Bringing Neural Nets to the Law
Casetext opened 2020 with the launch of a revolutionary new motion-drafting tool called Compose. Compose dramatically reduces the amount of time it takes lawyers to draft a motion or brief by serving up the arguments and standards appropriate to the motion type in a specific jurisdiction. Compose also included a powerful new search functionality called “Parallel Search,” which was the first legal research tool to leverage breakthrough technology called transformer-based neural nets. Parallel Search proved to be so popular with attorneys that in June of 2020 Casetext made that search capability available as a stand-alone product and an upgrade to their Casetext research platform. More than a decade ago, major legal research platforms Lexis and Westlaw freed their subscribers from Boolean search by introducing natural language search. But freedom from Boolean search did
not mean freedom from results limited to literal keyword matches. The concept-matching enabled by the neural net that powers Parallel Search is a a “great leap forward” and superior to anything enabled by earlier systems. Pablo Arredondo, co-founder and Chief Product Officer at Casetext, refers to traditional natural language search as “casual Friday in the prison of the keyword.” In other words, a lawyer was still at the mercy of which specific words he chose for his query.
I asked Arredondo to provide an example of how Parallel Search in action.
Consider this query: McVader’s termination of Skywalker for refusal to wear a mask cannot be construed as discriminatory.
Note that the query is actually a complete sentence, the type that might appear in a brief or memo. The returned cases include instances where an employee suffered adverse employment action for refusal to wear a hard hat, refusal to wear brazing goggles, and refusal to wear cut-resistant gloves. All of these are missed when you use traditional keyword search; instead you get some results about the word “refusal”, some about “mask”, some about “construed”… nothing that captures the concept.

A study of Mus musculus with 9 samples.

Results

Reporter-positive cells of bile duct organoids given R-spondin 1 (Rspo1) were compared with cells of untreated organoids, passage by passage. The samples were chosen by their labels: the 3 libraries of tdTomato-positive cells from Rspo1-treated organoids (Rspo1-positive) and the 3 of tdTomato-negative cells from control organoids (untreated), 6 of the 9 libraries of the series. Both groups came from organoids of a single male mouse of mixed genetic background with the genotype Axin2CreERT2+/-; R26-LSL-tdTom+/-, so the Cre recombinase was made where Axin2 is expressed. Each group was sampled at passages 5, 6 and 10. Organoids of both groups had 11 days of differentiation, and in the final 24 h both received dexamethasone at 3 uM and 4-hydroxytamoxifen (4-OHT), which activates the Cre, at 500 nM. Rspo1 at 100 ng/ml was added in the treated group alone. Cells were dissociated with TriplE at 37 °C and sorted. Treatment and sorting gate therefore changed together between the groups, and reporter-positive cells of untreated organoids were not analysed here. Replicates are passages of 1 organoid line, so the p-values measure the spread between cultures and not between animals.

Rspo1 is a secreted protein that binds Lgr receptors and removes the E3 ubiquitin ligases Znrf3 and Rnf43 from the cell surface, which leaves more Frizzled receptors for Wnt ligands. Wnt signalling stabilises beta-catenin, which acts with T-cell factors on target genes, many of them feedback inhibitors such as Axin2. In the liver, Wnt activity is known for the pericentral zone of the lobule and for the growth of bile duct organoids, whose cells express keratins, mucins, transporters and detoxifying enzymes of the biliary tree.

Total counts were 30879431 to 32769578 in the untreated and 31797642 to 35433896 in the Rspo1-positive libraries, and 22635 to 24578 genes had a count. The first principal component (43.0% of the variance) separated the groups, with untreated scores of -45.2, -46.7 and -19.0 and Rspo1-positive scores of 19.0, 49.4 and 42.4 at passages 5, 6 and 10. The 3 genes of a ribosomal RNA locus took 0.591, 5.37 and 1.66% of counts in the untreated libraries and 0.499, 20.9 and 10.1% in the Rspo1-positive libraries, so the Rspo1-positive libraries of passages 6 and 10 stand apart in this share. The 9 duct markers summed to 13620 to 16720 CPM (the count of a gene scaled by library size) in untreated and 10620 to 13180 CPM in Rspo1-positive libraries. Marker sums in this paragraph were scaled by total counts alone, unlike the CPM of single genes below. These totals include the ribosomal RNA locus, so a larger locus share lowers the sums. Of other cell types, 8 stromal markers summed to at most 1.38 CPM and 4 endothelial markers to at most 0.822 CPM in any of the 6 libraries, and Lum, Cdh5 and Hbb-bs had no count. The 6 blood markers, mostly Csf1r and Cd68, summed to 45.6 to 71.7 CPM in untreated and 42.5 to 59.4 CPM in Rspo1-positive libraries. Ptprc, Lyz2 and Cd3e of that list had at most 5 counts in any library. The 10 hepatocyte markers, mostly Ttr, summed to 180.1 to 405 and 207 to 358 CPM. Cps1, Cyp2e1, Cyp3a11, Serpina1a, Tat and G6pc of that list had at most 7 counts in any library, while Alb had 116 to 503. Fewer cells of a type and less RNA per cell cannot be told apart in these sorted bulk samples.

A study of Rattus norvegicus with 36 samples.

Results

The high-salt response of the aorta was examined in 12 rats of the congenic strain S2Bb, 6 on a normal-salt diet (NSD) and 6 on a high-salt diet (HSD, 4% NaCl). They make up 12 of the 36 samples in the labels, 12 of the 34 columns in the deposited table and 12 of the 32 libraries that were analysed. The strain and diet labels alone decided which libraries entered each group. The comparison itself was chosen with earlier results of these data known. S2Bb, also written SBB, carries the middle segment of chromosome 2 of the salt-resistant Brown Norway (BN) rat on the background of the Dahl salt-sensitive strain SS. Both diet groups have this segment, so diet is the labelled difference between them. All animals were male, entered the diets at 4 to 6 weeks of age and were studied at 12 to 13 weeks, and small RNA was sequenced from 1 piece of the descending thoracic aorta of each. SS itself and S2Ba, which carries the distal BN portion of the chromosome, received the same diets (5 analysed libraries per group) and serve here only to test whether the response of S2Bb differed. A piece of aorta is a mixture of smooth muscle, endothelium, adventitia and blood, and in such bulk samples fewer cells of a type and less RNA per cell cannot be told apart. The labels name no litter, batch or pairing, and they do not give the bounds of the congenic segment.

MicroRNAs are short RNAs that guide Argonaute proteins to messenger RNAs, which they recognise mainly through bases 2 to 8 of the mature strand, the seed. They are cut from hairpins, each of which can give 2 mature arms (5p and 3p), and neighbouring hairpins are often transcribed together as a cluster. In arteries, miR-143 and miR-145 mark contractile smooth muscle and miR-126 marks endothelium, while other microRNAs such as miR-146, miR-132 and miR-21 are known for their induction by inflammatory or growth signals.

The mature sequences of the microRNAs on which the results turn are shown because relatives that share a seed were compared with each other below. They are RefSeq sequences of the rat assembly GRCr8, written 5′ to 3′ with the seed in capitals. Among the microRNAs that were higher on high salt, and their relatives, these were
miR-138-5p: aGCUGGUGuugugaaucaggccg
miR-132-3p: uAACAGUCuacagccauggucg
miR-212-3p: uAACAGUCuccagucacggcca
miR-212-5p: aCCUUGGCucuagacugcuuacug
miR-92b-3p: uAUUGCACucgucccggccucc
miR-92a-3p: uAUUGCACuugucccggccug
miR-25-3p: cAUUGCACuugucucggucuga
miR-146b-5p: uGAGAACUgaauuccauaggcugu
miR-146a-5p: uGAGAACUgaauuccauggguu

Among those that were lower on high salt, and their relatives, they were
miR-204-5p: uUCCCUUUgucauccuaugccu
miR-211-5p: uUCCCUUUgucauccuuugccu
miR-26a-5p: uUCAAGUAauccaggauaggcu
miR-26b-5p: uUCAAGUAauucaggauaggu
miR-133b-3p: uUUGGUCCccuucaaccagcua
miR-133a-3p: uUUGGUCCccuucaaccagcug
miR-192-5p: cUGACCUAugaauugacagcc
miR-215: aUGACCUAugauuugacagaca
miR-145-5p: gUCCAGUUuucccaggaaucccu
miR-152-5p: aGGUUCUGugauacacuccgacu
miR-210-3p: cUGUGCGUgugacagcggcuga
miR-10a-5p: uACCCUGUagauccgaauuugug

“The breakthroughs in natural language processing that enable Parallel Search were developed/published at Google in late 2018/early 2019”, explained Arredondo. Prior to Parallel Search, all of Casetext’s products leveraged traditional keywords and the citation graph between cases. Although Casetext’s pioneering brief-analysis tool, CARA, went beyond a simple keyword query and instead leveraged an entire brief, it was still anchored in the specific words in that brief. To the extent CARA was able to return relevant results without keyword overlap, it was because the tool also leveraged the citation graph.
“When we decided to engage in the lengthy research and development to apply this type of neural net to legal research we were cognizant that the full-sentence-as-query granularity would complement CARA’s brief-as-query approach. But I wouldn’t call Parallel Search an evolution of CARA. Having said that, I am certain that a neural net-empowered version of CARA is possible, so perhaps CARA 2 will be an evolution of Parallel Search.”
Introducing WeSearch – Neural Networks on the Fly.
Over the past few months Casetext has been partnering with law firms around the country and enabling them to implement a quick-and-easy neural network solution to streamline research and profiling of documents for a variety of litigation and transactional tasks. They currently call this new offering WeSearch.
“There is a natural evolution between Parallel Search (neural nets applied to case law) and WeSearch (neural net applied to whatever documents the attorney uploads).” explained Arredondo, adding “we want to make it as easy for law firms to spin up neural nets as it is to grab a yellow legal pad from the drawer.”
WeSearch is being used in law firms for a variety transactional and litigation projects including:
· Creating brief banks
· Creating a Document Management System (DMS)
· Reviewing the entire archive of all litigation documents in a specific large litigation
· Internal internets
· E discovery projects including traditional document review and analysing archives of interrogatories to review for inconsistent answers
Arredondo provided an example of WeSearch at work in the context of e-discovery Using the Enron email corpus, a query for the phrase “I feel uneasy about this,” returns over a dozen conceptual matches in which no keyword overlap, including “This is unsettling.”; “That scares me a bit.” and “I am kinda uncomfortable with it.”
WeSearch is currently being piloted by select law firms. Casetext plans on expanding the offering to all current subscribers and new firms later this year. Interested firms should contact firstname.lastname@example.org.
NOTE: This post originally appeared on Above the Law.